Friday, January 27, 2012

War and Peace

I feel like I've climbed Mt. Everest or run a marathon with finishing War and Peace. I might have done a victory dance.

War and Peace follows Pierre, the illegitimate son of a wealthy count, Prince Andrew and his sister Princess Mary, and the Rostov family, who has lost all their wealth, in Russia during the Napoleonic Wars. It's an epic, full of love and death.

It was surprisingly easier to read than I expected. There were some philosophical history sections, reflections on history by Tolstoy, that were a bit intense. I also had a cheat sheet of the characters that I referred to frequently in the beginning as I was having trouble keeping track of all the characters. Despite those issues, it wasn't as intimidating as its reputation. It is very long though. Very very long.

One little section that I laughed over:

"I don't know why you think I am cross, "said Nicholas, replying to the question he knew was in his wife's mind.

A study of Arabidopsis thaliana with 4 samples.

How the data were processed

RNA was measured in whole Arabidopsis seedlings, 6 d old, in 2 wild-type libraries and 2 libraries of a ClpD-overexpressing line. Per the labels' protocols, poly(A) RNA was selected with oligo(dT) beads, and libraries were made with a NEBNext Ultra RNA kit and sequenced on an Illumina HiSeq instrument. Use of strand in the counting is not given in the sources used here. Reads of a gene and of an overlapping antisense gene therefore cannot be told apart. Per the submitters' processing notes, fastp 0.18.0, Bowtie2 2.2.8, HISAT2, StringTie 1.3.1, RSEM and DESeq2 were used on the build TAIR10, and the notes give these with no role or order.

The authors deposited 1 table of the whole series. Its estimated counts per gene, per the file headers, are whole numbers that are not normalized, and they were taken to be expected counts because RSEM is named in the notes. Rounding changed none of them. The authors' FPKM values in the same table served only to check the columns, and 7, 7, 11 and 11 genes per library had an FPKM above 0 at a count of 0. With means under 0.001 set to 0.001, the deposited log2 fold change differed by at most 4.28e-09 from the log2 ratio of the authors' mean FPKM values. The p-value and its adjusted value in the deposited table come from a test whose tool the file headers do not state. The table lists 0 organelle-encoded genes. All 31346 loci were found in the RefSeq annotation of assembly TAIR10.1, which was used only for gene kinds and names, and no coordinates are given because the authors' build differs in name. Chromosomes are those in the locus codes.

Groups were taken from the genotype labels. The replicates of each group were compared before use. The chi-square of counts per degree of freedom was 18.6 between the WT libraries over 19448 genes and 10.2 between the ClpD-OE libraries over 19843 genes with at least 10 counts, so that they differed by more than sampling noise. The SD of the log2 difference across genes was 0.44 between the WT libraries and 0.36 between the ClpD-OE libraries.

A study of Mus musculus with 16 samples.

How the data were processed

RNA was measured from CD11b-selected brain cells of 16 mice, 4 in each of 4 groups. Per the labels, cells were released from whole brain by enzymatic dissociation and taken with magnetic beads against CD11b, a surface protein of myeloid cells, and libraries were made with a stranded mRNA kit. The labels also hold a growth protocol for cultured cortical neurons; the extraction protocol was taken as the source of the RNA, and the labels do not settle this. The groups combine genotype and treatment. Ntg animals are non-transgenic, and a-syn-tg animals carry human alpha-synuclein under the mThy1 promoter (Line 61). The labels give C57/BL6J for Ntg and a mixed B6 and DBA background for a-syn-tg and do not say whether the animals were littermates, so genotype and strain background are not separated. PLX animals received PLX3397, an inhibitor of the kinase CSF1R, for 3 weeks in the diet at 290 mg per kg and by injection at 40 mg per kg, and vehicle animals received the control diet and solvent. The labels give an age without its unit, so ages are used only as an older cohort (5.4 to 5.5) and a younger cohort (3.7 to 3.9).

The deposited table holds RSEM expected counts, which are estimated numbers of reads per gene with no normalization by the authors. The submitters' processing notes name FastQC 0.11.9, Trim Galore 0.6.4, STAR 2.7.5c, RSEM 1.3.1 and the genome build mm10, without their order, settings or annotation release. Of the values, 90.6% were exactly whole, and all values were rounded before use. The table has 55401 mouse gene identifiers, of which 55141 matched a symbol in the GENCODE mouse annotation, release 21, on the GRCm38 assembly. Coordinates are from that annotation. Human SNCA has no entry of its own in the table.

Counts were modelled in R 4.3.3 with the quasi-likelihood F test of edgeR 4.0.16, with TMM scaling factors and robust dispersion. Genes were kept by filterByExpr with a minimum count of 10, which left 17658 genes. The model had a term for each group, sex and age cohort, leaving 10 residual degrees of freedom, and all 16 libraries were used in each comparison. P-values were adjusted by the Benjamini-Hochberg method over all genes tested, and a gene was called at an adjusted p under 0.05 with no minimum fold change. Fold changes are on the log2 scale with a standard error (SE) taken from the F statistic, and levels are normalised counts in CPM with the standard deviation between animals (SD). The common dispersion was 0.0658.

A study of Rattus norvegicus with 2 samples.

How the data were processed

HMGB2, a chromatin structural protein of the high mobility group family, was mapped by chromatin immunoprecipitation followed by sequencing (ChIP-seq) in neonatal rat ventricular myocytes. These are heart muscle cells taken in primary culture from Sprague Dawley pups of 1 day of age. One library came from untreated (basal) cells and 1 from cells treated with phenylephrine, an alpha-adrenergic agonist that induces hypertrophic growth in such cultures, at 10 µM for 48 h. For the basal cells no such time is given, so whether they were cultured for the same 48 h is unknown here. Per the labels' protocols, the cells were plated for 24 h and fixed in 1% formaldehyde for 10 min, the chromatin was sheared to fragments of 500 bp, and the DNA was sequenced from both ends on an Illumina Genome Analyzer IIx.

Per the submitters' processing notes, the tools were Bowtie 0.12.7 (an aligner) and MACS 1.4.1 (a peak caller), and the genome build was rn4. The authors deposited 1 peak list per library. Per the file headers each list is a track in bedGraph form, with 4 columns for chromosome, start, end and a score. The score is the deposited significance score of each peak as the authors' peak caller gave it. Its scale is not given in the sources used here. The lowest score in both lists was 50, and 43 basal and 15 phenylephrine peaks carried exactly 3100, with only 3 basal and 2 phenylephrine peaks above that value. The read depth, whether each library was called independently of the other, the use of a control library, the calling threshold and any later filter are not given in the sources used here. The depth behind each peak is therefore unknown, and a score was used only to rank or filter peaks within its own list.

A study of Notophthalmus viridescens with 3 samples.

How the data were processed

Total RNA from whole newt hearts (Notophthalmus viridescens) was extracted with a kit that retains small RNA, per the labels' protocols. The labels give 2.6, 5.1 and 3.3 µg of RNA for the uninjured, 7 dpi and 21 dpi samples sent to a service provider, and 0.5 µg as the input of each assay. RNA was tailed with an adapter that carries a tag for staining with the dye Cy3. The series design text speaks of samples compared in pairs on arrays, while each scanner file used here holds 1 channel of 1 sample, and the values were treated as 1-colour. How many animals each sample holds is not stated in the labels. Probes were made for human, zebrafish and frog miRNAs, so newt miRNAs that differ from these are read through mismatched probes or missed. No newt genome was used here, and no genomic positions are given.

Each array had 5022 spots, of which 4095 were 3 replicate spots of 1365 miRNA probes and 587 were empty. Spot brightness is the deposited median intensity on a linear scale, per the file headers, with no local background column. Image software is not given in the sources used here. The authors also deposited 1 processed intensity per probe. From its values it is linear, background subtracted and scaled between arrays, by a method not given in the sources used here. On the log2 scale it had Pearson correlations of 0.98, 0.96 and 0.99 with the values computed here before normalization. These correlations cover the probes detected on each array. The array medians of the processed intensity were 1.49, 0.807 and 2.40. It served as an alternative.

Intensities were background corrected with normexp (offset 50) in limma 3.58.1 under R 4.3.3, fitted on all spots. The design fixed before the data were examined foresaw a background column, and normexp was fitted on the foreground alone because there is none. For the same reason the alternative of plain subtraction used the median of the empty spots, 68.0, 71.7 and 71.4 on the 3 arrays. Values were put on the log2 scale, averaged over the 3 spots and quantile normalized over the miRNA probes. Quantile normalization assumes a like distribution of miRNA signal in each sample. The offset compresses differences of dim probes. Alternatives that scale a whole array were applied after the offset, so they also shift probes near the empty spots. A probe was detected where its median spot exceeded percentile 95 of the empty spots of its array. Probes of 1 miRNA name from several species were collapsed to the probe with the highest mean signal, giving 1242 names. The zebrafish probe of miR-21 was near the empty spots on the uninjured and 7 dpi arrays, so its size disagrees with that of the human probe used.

I always ask Evan why he's upset and he always tells me the same thing.

Another few of quotes I liked:

"Where there's law there's injustice," put in the little man.

He read, and read everything that came to hand.

But Helene, like a really great man who can do whatever he pleases, at once assumed her own position to be correct, as she sincerely believed it to be, and that everyone else was to blame.  (We certainly all know people like this.)

"Russia and summer weather are not bound together," he thought.  (Wyoming, what?)

I'm really glad I read War and Peace, but don't imagine I'll ever do it again.


  1. oh boy. At some point I will read this book. You know it's long when it's in a Charlie Brown episode and he can't get past the first page.

  2. I felt the same way when I finished AK.

  3. Doesn't it feel like such an accomplishment when you get to the last page of that book? You should be so proud!